The Virginia Outdoors Foundation (VOF) recorded 75 new conservation easements in 2017, protecting 23,446 acres of open space for farming, forestry, and recreation in 47 localities.
Conservation easements are voluntary agreements between landowners and qualified government or nonprofit organizations that limit future residential and industrial development while keeping the land in private ownership.
One of the largest easements is on Bacon’s Castle Plantation, a 1,260-acre farm in Surry County that surrounds the oldest documented brick dwelling in the United States. The house, now owned by Preservation Virginia, was built in 1655 for merchant Arthur Allen and later became known as Bacon’s Castle because it was the site of an uprising against the Colonial government led by Nathaniel Bacon. The owner of Bacon’s Castle Plantation, a 10th-generation Surry County farmer whose mother grew up on the adjacent property that is now Chippokes Plantation State Park, worked with VOF, the Department of Conservation and Recreation, and the U.S. Department of Agriculture’s Natural Resource Conservation Service to complete the easement.
Another new easement is on a 9-acre tract in Virginia Beach, protected in partnership with the Living River Restoration Trust, the City of Virginia Beach, and the Department of Conservation and Recreation. The property, a mix of wetlands and forest, will eventually will become the first public park in Virginia Beach offering paddling access from the southern shore of the Elizabeth River.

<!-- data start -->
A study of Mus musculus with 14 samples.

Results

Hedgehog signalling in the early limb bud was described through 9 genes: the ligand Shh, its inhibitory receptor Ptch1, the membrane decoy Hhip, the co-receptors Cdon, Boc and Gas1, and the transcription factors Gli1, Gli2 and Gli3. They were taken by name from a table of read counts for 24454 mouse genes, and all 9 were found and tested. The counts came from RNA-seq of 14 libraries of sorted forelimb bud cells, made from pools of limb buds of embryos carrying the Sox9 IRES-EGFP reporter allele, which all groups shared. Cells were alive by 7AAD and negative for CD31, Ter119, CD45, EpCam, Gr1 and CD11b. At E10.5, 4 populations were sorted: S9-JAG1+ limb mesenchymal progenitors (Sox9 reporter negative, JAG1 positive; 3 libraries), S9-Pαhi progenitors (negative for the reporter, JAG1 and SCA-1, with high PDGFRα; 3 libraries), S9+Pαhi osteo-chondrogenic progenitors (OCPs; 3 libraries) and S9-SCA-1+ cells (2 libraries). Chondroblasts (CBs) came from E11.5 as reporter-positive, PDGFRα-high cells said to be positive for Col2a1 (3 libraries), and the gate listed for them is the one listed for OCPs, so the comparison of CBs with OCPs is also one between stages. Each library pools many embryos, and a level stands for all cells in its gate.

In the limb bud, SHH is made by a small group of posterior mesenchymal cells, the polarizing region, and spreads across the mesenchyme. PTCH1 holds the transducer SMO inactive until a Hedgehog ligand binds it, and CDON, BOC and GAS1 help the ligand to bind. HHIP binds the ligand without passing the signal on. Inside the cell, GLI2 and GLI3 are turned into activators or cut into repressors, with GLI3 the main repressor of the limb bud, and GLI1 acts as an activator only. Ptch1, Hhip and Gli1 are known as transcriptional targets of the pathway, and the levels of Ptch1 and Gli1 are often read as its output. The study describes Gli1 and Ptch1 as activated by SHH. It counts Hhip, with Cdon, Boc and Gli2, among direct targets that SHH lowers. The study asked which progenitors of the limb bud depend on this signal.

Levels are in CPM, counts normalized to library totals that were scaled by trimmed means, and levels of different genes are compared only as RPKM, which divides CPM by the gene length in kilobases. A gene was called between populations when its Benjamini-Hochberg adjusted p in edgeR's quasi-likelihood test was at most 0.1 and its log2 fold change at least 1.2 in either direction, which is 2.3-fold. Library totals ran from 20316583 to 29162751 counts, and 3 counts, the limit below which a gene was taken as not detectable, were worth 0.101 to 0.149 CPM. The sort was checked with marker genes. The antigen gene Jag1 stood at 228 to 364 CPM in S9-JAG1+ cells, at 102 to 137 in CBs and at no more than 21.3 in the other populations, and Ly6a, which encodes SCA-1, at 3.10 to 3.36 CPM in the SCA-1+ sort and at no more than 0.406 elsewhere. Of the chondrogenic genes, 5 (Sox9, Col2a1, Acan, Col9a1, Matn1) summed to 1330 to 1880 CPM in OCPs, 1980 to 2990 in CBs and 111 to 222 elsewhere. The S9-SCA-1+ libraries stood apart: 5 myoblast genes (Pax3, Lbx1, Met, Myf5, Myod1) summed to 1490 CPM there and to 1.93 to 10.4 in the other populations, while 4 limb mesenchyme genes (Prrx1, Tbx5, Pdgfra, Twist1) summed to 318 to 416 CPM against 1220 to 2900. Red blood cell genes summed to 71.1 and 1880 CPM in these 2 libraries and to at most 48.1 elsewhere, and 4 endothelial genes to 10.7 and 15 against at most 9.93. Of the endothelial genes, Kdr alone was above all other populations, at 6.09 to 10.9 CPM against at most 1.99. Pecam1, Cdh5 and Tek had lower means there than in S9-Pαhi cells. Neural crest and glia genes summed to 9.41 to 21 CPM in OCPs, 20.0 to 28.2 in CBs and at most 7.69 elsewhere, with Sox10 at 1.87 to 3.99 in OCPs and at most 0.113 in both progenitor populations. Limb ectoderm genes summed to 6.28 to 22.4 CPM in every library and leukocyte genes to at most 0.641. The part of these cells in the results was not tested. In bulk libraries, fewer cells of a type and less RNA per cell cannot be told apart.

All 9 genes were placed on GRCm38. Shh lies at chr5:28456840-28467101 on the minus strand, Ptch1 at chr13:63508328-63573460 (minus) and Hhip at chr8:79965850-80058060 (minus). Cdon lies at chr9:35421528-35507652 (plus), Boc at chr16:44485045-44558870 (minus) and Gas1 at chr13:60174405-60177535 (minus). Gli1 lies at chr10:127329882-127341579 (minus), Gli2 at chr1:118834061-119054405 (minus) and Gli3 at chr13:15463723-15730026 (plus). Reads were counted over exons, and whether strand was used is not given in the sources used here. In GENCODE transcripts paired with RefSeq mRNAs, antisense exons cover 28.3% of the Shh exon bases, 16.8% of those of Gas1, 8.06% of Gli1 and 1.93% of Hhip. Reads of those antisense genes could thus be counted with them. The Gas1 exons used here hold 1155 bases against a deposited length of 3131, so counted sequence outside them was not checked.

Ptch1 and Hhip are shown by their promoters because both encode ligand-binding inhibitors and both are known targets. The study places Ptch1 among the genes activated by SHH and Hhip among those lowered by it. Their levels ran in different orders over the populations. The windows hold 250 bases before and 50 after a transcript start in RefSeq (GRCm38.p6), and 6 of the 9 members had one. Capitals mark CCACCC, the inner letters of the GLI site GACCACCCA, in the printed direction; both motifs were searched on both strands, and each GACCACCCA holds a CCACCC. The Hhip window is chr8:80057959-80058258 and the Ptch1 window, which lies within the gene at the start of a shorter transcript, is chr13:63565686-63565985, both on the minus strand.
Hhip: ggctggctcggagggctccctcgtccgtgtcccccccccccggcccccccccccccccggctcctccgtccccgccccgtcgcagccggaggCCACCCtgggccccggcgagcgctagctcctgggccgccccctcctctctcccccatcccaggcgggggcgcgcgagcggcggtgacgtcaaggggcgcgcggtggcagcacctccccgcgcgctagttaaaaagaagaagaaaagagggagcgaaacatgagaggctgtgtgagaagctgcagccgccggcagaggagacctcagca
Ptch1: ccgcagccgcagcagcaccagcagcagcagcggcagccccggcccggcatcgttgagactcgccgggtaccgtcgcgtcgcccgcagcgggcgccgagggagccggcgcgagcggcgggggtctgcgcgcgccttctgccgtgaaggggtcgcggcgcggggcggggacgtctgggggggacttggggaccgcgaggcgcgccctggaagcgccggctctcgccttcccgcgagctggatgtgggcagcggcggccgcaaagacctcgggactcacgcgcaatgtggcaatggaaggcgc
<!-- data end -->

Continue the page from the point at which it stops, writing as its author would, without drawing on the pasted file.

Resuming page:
In addition to the new easements, VOF amended 27 existing easements to increase protected acreage and improve restrictions. The foundation also took ownership of 1,100 acres of high-value conservation land as mitigation for impacts to 11 easements from two proposed federally regulated natural gas projects.
VOF now protects more than 820,000 acres of open space across Virginia. These lands help to protect more than 4,100 miles of streams and rivers, 230,000 acres in ecologically significant landscapes, 375 miles along designated scenic roads and rivers, 325 miles of threatened and endangered species waters, and 80 miles along designated hiking and biking trails. Since being established by the General Assembly in 1966, VOF has preserved open space at a rate of nearly two acres every hour. About 95 percent of all Virginians live within 10 miles of VOF-protected land.